Artificial intelligence (AI) used to process IoT data at the edge is given the acronym AIoT. AMRs are a great example of leveraging AIoT for the high amounts of data processing required to operate. AMRs have the ability to operate all day, all night, and all year, stopping only for recharges and maintenance, while also potentially working together with humans. These features provide a wide range of advantages for an industrial, automation, or manufacturing setting and require AI to assure safety and security for both the humans and machines.
Packed with benefits, AMRs are complex to design and build; from the vision system (which require massive amounts of data processing alone), to navigation systems, motor control, wireless communications and human-machine real-time interaction, there is a lot to consider.
Providing Power to your AMR
While the complexities of building AMR systems can present many obstacles, you have to begin with one basic element—how to power the AMR. As previously mentioned, the robots need to operate for long periods of time before a recharge.
When considering how to power the AMR, we also need to choose a platform that is able to perform myriad tasks, such as NVIDIA’s Jetson, which is a system-on-module (SOM) with CPU, GPU, PMIC, DRAM, and flash storage. The platform can be coupled with the company’s Isaac robotics platform, which includes the Isaac SIM. That SIM is used for simulating and training robots in virtual environments, prior to deploying AMRs. Additionally, users will find the Isaac SDK, which is an open software framework for processing on the Jetson. It enables custom behaviors and capabilities that can accelerate robotics development.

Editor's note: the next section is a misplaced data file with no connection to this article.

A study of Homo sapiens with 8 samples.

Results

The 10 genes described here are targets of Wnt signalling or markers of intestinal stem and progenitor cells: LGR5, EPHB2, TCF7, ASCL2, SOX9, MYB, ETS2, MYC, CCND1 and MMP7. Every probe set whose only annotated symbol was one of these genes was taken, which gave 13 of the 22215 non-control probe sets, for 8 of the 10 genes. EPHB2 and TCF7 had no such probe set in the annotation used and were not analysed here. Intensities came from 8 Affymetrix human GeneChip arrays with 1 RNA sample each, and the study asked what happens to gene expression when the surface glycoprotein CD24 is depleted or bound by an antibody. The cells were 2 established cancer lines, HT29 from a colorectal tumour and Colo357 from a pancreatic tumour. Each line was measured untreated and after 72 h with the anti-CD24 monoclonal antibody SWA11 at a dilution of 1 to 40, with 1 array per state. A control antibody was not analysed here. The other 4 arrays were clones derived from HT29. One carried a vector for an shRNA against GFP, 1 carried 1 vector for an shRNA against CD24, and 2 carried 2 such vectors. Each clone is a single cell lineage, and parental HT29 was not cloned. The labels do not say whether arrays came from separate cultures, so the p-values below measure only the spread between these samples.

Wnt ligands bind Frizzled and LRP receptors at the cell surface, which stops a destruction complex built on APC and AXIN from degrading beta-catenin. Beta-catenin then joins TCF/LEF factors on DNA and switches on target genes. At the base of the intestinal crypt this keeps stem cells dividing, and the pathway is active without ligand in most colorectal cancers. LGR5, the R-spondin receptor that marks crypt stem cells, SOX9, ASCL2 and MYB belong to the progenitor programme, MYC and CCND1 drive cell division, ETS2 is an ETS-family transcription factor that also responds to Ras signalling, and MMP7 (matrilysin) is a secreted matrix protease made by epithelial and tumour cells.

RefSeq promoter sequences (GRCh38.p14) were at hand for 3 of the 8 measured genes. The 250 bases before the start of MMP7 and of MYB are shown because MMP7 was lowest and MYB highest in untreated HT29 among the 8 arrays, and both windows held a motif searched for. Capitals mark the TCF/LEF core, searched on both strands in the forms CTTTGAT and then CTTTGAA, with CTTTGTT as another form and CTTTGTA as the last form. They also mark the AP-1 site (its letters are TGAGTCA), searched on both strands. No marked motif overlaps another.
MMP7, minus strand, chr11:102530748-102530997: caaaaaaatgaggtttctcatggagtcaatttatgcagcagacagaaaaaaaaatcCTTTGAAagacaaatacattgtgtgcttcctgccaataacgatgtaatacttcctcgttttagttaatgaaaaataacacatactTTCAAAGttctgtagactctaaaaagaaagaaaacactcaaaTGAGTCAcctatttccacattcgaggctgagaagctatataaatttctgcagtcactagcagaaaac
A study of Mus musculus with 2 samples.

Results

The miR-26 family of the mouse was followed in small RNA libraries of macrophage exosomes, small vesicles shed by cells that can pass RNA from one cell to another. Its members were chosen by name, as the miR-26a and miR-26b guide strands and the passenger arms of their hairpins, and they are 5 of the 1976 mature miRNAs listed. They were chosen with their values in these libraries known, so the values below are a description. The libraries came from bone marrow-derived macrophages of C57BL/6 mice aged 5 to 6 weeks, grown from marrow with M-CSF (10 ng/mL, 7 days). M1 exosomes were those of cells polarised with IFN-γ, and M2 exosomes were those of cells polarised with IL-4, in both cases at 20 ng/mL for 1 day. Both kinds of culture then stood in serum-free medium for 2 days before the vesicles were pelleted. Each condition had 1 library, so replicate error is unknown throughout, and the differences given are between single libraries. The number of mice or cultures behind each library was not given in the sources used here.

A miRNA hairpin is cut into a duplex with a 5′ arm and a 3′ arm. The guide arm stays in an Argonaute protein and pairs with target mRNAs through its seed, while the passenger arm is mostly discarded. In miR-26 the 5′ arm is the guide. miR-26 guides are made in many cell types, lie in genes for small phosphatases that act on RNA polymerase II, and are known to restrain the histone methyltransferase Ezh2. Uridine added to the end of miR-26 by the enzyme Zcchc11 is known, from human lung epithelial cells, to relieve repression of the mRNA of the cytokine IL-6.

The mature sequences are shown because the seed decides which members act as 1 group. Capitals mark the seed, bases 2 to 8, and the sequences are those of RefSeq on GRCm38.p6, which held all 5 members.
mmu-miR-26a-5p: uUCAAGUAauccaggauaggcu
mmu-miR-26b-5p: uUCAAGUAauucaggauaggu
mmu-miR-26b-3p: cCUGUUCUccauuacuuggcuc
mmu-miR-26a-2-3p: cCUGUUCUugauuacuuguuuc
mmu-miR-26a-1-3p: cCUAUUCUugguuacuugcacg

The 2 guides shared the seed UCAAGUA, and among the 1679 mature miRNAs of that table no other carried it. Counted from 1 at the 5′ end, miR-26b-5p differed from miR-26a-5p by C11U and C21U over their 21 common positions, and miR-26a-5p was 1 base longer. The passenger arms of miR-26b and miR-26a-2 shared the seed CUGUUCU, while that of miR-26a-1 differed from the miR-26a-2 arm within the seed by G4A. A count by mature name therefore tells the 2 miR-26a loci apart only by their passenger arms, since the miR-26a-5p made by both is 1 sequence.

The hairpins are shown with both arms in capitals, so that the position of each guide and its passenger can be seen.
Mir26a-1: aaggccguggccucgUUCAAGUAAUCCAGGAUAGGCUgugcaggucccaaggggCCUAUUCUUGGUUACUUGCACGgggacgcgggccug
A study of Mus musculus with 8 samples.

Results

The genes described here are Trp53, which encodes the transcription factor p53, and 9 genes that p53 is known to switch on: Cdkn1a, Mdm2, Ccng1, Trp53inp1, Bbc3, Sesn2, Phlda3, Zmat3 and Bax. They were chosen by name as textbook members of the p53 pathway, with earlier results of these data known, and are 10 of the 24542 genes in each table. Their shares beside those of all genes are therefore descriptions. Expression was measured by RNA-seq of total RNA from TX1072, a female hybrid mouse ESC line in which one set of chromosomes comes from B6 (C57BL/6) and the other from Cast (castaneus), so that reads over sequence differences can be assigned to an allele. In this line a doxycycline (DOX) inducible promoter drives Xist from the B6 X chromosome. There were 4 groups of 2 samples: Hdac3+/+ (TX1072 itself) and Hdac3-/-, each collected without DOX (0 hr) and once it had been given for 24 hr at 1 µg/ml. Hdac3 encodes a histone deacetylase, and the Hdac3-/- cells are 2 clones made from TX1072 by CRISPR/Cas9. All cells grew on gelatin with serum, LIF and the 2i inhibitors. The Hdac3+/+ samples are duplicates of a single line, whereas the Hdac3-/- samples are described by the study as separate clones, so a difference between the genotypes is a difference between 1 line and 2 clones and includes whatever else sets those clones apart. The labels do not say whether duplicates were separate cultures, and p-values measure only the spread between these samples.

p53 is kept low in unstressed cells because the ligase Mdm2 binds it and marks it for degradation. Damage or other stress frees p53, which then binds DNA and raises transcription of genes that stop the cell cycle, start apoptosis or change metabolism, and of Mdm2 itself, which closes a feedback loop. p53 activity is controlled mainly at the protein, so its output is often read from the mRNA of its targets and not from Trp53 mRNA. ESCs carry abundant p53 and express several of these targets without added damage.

NVIDIA provides a platform that serves as a great starting point for AMR development, it provides the needed control and computing efficiency for all aspects of the robot with excellent power efficiency, making it really stand out.
Sensors, Sensors, and More Sensors
It’s incredibly important to incorporate sensors within the AMRs. These sensors can include anything from 2D/3D cameras, time-of-flight sensors and LIDAR devices, among others, and the sensors must connect to high-speed I/Os. Of course, with an abundance of sensors comes an abundance of data. This data must be processed in real-time, on the robot, so it can autonomously navigate within hectic environments. It’s safe to assume that by integrating AI functionality, field upgrades can be minimized.
As NVIDIA’s director of product management for autonomous machines, Amit Goel said, “the simulation environment is a key component in the development and deployment of AMRs. Developing the actual hardware adds some constraints and affects how quickly AMRs can be designed, and frankly, how many people can be working on the AMR at the same time. Once you move the design into simulation, your development team can be anywhere.”
Now designers are presented with a new question: What type of processor should be deployed? There’s really no set-in-stone answer to this question, but the AMR definitely needs to accept, read, and calculate information with regard to its environment. It then needs to control the behaviors. A GPU is the most ideal. We also need a process that will offer enough flexibility to upscale, and even downscale. To hear more detail about designing AMRs using ADLINK Technology platforms and NVIDIA GPUs, check out this podcast featuring yours truly and Amit!